The broadcast incentive auction hasn’t even been held yet, but the wireless industry is worried that there will be no new spectrum in the pipeline after the final gavel falls.
CTIA-The Wireless Industry association predicts there will be a 78 fold increase in wireless data demand by 2019 and that this increased traffic would require an additional 350 mHz of spectrum from federal regulators.
More worrisome to the CTIA: the typical time from proposal to deployment for a new block of spectrum is 13 years.
“The protracted process of freeing up spectrum places the U.S. at risk of losing its wireless broadband leadership. It is critical to move now to identify new bands to enable the continued growth of wireless—for 4G LTE, LTE Advanced, the Internet of Things, and next generation technologies like 5G,” wrote the CTIA in a just released white paper.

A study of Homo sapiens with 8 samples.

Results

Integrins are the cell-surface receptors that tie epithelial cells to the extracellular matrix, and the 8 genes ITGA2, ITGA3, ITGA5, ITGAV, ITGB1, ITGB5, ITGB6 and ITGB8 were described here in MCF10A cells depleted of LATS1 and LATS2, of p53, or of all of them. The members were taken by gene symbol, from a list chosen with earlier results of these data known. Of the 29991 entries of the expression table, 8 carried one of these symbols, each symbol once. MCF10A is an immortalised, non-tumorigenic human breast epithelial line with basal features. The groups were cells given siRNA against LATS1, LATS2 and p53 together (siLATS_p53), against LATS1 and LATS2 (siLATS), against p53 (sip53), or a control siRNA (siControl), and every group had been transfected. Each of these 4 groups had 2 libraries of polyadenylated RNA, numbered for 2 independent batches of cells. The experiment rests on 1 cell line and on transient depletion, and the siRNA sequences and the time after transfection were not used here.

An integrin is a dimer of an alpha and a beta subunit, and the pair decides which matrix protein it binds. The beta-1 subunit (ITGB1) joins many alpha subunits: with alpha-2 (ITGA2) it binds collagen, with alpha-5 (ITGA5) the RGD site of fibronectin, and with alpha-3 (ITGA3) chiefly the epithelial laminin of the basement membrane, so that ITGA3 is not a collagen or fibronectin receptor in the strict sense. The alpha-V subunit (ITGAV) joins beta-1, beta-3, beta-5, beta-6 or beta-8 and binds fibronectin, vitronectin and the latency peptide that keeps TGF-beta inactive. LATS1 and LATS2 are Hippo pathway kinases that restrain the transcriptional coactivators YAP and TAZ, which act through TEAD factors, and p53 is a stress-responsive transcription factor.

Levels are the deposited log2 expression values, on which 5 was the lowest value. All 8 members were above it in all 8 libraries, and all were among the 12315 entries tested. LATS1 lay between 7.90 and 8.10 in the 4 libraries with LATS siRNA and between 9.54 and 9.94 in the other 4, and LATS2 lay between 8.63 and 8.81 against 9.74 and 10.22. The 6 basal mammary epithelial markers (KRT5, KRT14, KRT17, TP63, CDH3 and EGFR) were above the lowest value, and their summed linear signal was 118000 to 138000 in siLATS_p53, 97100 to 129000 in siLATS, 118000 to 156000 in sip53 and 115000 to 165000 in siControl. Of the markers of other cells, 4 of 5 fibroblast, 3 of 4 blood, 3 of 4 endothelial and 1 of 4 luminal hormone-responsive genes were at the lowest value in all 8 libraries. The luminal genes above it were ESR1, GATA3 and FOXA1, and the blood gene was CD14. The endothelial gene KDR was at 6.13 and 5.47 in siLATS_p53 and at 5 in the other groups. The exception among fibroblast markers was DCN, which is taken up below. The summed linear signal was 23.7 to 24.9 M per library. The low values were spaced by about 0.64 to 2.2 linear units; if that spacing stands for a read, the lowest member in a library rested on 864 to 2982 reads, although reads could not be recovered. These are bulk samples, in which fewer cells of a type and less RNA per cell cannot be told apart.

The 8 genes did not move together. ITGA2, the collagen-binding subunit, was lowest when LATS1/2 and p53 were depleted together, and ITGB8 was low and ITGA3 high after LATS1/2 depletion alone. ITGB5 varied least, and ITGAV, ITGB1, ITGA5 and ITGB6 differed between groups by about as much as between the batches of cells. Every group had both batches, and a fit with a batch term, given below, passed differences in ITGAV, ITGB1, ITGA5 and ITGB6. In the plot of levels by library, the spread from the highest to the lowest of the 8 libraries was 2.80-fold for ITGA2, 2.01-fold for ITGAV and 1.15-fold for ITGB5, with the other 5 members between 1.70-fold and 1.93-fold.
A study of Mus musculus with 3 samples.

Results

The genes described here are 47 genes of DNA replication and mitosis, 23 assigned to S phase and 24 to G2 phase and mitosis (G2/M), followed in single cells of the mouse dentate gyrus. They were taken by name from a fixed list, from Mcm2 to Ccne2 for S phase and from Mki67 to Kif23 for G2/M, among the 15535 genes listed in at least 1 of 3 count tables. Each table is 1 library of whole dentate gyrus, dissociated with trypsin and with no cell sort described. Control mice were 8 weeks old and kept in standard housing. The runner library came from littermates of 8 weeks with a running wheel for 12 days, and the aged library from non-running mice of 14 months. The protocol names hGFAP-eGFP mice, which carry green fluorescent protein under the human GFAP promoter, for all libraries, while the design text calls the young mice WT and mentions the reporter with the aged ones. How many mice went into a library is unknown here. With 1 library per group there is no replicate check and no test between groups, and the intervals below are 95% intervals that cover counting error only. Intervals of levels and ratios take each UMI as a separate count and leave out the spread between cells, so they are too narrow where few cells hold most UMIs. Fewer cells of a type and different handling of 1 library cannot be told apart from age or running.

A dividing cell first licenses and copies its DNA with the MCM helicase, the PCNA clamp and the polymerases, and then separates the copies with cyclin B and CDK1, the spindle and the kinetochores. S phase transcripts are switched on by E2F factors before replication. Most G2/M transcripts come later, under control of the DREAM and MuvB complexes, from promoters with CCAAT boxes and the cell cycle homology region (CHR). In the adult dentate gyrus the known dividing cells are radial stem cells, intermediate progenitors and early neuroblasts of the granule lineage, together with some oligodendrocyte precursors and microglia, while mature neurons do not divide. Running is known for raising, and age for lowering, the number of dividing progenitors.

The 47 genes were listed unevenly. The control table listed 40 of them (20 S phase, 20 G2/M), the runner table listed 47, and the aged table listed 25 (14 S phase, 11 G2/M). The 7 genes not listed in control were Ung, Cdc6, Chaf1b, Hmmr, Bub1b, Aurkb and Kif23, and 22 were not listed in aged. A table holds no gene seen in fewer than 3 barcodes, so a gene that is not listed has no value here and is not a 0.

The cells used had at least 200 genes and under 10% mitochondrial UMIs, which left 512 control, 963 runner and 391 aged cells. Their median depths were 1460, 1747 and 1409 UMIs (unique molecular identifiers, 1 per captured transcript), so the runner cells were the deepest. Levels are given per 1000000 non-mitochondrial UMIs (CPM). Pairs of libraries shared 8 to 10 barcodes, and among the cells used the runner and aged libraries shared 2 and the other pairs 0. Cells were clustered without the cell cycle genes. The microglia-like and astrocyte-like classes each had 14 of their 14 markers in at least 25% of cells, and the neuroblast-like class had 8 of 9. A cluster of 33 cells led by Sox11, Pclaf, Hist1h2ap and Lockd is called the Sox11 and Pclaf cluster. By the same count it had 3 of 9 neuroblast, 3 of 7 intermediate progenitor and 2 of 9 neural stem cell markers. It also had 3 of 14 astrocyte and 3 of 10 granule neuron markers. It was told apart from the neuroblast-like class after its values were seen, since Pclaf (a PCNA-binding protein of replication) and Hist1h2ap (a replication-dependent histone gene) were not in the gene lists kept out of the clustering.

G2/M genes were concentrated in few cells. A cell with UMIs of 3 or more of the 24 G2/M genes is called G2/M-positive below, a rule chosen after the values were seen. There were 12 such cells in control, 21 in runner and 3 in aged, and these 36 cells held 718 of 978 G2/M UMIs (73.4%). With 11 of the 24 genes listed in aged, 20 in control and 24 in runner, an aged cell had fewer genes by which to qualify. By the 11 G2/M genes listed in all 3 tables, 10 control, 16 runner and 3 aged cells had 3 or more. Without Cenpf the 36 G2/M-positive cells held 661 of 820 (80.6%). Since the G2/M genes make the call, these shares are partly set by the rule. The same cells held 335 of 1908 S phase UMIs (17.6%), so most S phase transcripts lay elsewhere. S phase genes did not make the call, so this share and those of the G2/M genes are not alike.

Quick history of spectrum deployment
|Spectrum||First Step||Available||Deployment||Time Lag|
|AWS-3||2002||2015||2017 (est.)||15 years|
|AWS-4||2003||2012||2017 (est.)||14 year|
Source: CTIA-The Wireless Association
The white paper recapped a number of the time consuming challenges faced by the mobile data providers when deploying new spectrum such as the design and manufacture of network equipment, interference testing, and refitting cell tower sites to handle the new spectrum.
How to move forward? The CTIA notes that the federal government has “sole or primary use of 60-70 percent of spectrum suitable for wireless broadband.” While the report gives the Obama administration credit for emphasizing spectrum issues across executive departments and agencies, the CTIA urges continued focus by Congress and the executive branch. “Without Administration backing and commitment, spectrum reallocations efforts may lag even further behind.”